Plastic Podcast

The venerable and exceedingly intermittent Plastic Podcast, which has outlived the two blogs with which it was intertwined, and whose audio archives were difficult to ...

The Plastic Podcast

An audio program about movies. Listen with your iPod or computer.

Plastic Podcast

The venerable and exceedingly intermittent Plastic Podcast, which has outlived the two blogs with which it was intertwined, and whose audio archives were difficult to ...


Davis was the chief film critic for the late, great Paste Magazine (which lives on now as a website) from 2005 through 2009, and he counts this interview with Claire Denis among his favorite moments. Every once in a while he pops up on Twitter. He's presently sipping puerh in Chicago, even at this hour. Meanwhile, Parks, whose work has appeared in TimeOut Chicago, The Hyde Park Herald, and Paste, is molding unsuspecting, college-aged minds in the aforementioned windy city. Media types are warned to stay clear of his semester-sized field of influence because of the distorting effects that are likely to develop.

The © copyright of all content on Daily Plastic belongs to the respective authors.

Francois Duhamel/Paramount Vantage
Leonardo DiCaprio and Kate Winslet in one of their happier moments in Revolutionary Road

Much has been made of the fact that Revolutionary Road reunites Kate Winslet and Leonardo DiCaprio for the first time since they swept us off our feet in Titanic. But if elegant romance is what you’re looking for here, you’ve come to the wrong time period. Even Rose and Jack’s passion couldn’t have survived the ‘50s.

At least that’s the message most audiences will take away from this bleak drama. The movie is based on Richard Yates’s 1961 novel, one of the first to pinpoint the despair behind the happy picket fences of suburbia. Unfortunately, that theme has been beaten to death in the last 40 years, so one more tale of people in gray flannel suits and pretty cotton dresses suffering quiet desperation feels dated, if not irrelevant.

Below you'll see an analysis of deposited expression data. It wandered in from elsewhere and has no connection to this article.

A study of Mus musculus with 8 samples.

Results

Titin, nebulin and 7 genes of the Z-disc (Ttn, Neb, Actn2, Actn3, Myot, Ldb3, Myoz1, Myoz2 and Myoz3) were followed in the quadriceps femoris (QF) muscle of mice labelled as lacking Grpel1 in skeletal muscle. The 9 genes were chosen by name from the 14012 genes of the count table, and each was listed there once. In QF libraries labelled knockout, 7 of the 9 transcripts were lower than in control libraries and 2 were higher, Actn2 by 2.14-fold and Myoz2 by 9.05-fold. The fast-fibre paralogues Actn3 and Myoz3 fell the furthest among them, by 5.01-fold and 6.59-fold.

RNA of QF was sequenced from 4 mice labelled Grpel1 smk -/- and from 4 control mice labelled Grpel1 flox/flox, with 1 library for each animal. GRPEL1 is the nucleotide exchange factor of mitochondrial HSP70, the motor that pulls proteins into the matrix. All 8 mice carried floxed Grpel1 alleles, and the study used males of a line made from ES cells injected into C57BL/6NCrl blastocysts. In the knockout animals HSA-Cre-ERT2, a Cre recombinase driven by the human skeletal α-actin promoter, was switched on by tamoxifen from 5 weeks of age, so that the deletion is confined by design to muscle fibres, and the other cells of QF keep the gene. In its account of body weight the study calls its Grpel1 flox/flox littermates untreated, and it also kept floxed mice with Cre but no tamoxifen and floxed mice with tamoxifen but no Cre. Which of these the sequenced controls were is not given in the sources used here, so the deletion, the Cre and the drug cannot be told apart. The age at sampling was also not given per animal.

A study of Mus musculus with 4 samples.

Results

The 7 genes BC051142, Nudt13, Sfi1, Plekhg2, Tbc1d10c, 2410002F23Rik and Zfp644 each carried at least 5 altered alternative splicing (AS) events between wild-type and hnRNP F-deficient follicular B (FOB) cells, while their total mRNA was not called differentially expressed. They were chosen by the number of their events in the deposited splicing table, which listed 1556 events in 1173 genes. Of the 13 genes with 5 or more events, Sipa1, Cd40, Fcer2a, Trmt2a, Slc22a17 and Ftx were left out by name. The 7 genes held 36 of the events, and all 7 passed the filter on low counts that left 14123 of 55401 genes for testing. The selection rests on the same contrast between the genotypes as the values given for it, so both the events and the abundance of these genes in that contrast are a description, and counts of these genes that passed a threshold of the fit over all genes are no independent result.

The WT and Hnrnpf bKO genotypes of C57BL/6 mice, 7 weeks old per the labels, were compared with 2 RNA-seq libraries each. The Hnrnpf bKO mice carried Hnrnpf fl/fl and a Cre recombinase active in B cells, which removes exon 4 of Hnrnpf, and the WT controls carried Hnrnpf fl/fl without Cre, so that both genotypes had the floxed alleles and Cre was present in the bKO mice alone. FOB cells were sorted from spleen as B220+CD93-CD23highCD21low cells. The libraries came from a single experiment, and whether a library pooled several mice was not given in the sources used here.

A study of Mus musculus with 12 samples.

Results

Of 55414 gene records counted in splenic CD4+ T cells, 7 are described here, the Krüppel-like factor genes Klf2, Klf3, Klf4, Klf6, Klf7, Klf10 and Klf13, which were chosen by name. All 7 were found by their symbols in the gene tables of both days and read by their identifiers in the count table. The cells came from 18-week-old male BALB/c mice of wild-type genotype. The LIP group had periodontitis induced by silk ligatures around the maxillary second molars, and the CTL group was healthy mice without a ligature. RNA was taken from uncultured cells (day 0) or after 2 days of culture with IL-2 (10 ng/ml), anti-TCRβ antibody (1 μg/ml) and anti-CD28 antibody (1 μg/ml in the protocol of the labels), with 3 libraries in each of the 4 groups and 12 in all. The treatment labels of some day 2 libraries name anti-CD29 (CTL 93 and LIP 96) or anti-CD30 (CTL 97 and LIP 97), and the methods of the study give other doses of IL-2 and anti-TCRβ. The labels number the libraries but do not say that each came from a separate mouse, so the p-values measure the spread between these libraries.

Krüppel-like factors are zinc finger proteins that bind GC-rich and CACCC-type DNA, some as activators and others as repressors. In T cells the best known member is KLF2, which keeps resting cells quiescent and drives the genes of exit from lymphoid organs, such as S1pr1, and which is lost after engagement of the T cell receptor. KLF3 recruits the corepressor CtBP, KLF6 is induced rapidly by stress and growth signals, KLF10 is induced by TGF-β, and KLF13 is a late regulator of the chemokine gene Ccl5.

Fortunately, if the story needs to be retold (and maybe, with all the politicians pining for the values of the ‘50s, it does), it could do far worse than a production of this caliber. Kate Winslet gives a brilliant performance as the wife who convinces her husband to drop everything, move to Paris, and escape “the hopeless emptiness of the whole life here.” Leo doesn’t quite have the gravitas to match his on-screen wife, but he powerfully conveys what happens when a man looks around and realizes his dreams have no hope of coming true. Michael Shannon is great as a mentally unstable young man who still perceives more than anyone around him, though that character was a cliche the moment Yates wrote him. Best of all, though, is Kathy Bates as a nosy neighbor. The inflection she gives to a simple “Yoo Hoo” says more about stifling suburbia than any dialogue ever could.

Even better than the acting, however, is the film’s production design and art direction (courtesy of Kristi Zea, Teresa Carriker-Thayer, John Kasarda, and Nicholas Lundy). Their use of browns and beiges, grays and blues is both gorgeous and thematically potent. The relatively open vistas of the husband’s office contrast sharply with the divided rooms of the couple’s house. And Roger Deakins, one of contemporary film’s finest cinematographers, complements it all with gorgeous long shots and perfect camera placement. If you want to remind yourself that suburbia is America’s hell and conformity its defining characteristic, then this is the movie for you.